Bee Decline Linked to a Combination of Stressors

There is concern that native bees and honeybee population declines could ultimately impact our food supplies. (Gardenkitty/Wikimedia)
There is concern that the decline in native bee and honeybee populations could ultimately impact our food supplies. (Gardenkitty/Wikimedia Commons)

With the clear warm days we’ve just enjoyed and more to come, our gardens and parks have been buzzing with pollinators: bees and Anna’s hummingbirds. Searching out the newly blooming flowers for nectar and pollen, the insects and birds point to spring.

Scientists and naturalists are concerned, though, about the decline in honeybee and native bee populations. Every third bite of our food is pollinated by bees, and the value of pollination services from wild pollinators in the U.S. alone is estimated at $4 billion to $6 billion per year, according to the Great Sunflower Project.

A February review for Science Magazine, co-authored by University of Sussex biology professor Dave Goulson, notes that bee populations are falling because of the combined stressors of pesticides, parasites, and a decline in the abundance and variety of flowers. The review says climate change is likely to exacerbate all of these problems.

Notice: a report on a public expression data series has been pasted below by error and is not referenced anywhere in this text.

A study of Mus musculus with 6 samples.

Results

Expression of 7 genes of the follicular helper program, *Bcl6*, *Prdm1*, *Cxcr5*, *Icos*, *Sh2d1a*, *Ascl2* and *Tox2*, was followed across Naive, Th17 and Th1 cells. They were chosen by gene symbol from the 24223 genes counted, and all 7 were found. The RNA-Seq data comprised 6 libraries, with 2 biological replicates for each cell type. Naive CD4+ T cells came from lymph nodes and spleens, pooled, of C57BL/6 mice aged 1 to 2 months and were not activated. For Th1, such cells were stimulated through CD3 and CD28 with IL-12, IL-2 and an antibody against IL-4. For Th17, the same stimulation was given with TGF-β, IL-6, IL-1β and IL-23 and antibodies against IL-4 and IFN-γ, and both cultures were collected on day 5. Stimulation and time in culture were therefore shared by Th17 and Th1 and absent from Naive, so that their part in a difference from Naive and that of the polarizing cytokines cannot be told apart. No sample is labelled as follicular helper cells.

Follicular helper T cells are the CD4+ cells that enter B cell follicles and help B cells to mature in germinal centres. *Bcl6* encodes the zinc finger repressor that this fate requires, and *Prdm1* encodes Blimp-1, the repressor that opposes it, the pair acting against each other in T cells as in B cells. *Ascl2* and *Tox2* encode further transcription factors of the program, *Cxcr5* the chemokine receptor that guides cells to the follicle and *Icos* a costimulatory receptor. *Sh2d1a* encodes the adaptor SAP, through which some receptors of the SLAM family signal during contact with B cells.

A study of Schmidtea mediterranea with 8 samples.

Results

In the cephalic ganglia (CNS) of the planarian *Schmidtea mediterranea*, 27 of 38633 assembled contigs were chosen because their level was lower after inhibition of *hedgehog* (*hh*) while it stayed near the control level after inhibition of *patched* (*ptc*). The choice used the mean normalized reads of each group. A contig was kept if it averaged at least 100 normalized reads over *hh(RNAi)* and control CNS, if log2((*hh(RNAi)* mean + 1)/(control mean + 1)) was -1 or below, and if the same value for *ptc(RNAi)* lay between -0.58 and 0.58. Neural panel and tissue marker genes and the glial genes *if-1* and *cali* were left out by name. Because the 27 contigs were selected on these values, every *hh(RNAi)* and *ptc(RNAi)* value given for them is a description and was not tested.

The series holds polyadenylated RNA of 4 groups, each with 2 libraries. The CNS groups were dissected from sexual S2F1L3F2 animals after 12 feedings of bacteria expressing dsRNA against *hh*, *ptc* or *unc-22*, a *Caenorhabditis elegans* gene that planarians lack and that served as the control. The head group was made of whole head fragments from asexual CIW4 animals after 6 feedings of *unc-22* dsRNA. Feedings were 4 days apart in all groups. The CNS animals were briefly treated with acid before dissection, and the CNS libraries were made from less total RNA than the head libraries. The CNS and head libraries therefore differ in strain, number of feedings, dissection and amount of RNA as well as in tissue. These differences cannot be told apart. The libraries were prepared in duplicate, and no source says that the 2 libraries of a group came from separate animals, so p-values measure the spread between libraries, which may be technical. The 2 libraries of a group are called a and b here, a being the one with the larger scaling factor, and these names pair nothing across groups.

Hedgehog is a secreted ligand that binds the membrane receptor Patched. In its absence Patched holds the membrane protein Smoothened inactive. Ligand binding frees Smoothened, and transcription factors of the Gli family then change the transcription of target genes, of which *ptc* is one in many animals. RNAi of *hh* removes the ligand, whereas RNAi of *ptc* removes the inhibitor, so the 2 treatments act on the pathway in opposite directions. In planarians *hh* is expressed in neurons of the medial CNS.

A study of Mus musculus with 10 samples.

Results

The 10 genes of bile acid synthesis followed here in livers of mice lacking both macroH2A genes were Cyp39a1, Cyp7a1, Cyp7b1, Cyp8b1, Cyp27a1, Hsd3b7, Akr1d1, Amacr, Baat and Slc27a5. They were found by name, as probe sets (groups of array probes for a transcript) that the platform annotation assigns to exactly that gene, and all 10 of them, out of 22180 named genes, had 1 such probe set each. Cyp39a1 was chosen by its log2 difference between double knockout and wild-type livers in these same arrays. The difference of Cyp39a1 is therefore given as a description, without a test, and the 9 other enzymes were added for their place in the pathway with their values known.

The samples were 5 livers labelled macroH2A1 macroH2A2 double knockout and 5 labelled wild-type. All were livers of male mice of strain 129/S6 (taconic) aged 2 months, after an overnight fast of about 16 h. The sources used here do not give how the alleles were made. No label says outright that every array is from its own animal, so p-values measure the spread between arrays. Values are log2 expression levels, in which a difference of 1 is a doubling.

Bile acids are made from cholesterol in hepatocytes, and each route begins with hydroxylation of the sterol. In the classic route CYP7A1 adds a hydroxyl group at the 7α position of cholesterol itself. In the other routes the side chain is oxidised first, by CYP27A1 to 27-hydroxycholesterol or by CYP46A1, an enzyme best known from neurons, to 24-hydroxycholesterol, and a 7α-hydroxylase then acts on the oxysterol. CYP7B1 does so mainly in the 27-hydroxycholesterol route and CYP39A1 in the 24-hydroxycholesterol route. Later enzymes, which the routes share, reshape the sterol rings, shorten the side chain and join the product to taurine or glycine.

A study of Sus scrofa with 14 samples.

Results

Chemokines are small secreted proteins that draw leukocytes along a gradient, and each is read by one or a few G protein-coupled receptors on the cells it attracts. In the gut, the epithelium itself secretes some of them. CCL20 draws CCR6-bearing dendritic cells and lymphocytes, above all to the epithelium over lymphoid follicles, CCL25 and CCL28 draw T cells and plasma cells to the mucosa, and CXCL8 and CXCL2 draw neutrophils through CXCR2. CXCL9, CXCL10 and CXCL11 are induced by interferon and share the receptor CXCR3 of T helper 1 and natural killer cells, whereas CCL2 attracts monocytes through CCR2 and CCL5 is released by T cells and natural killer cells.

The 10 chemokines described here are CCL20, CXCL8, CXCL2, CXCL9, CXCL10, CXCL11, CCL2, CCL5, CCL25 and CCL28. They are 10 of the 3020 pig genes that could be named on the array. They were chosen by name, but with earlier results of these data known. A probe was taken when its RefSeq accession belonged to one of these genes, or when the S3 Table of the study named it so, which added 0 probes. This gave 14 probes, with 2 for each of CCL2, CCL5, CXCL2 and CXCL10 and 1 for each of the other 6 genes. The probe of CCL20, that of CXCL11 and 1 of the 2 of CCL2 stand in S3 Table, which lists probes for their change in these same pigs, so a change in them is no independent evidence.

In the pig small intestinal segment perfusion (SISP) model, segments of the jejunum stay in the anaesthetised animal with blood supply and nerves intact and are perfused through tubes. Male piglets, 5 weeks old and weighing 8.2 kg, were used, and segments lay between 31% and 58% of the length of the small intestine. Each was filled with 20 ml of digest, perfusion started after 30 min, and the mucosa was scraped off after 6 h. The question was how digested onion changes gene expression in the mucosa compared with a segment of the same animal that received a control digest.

Project Director Gretchen LeBuhn records pollinators on native wildflowers. The Great Sunflower Project expanded its study this year to include any flower.  (Courtesy of Mark Reynolds)
Project Director Gretchen LeBuhn records pollinators on native wildflowers. The Great Sunflower Project expanded its study this year to include any flower. (Courtesy of Mark Reynolds)

Research has pinpointed a class of widely used insecticides called neonicotinoids as likely culprits for the collapse of honeybee colonies. At certain levels of exposure, these chemicals can poison bees, and at lower levels, they can weaken bees' immune systems, making them more susceptible to infection and parasites.

Even home gardeners who want to cultivate bee-friendly habitats may unknowingly expose bees to these insecticides. Tests on common garden plants and seeds marketed as "bee-friendly," and purchased from commercial retailers around the country, found more than half of them had been treated with neonicotinoids, according to a 2014 Friends of the Earth report.


Everyone can help our bee populations, including school children. (Courtesy of Gretchen LeBuhn)
Everyone can help our bee populations, including school children. (Courtesy of Gretchen LeBuhn)

The Great Sunflower Project, started in 2008, is one way anyone can assist with monitoring bees and improving their habitat. It has some resources to help you assess your garden for pollinator-friendly plants, as well as find retailers who provide pesticide-free plants and seeds. You don’t have to be an expert to participate in the Project. Everyone, including school kids, can sign up and log their observation data into the organization's nationwide system.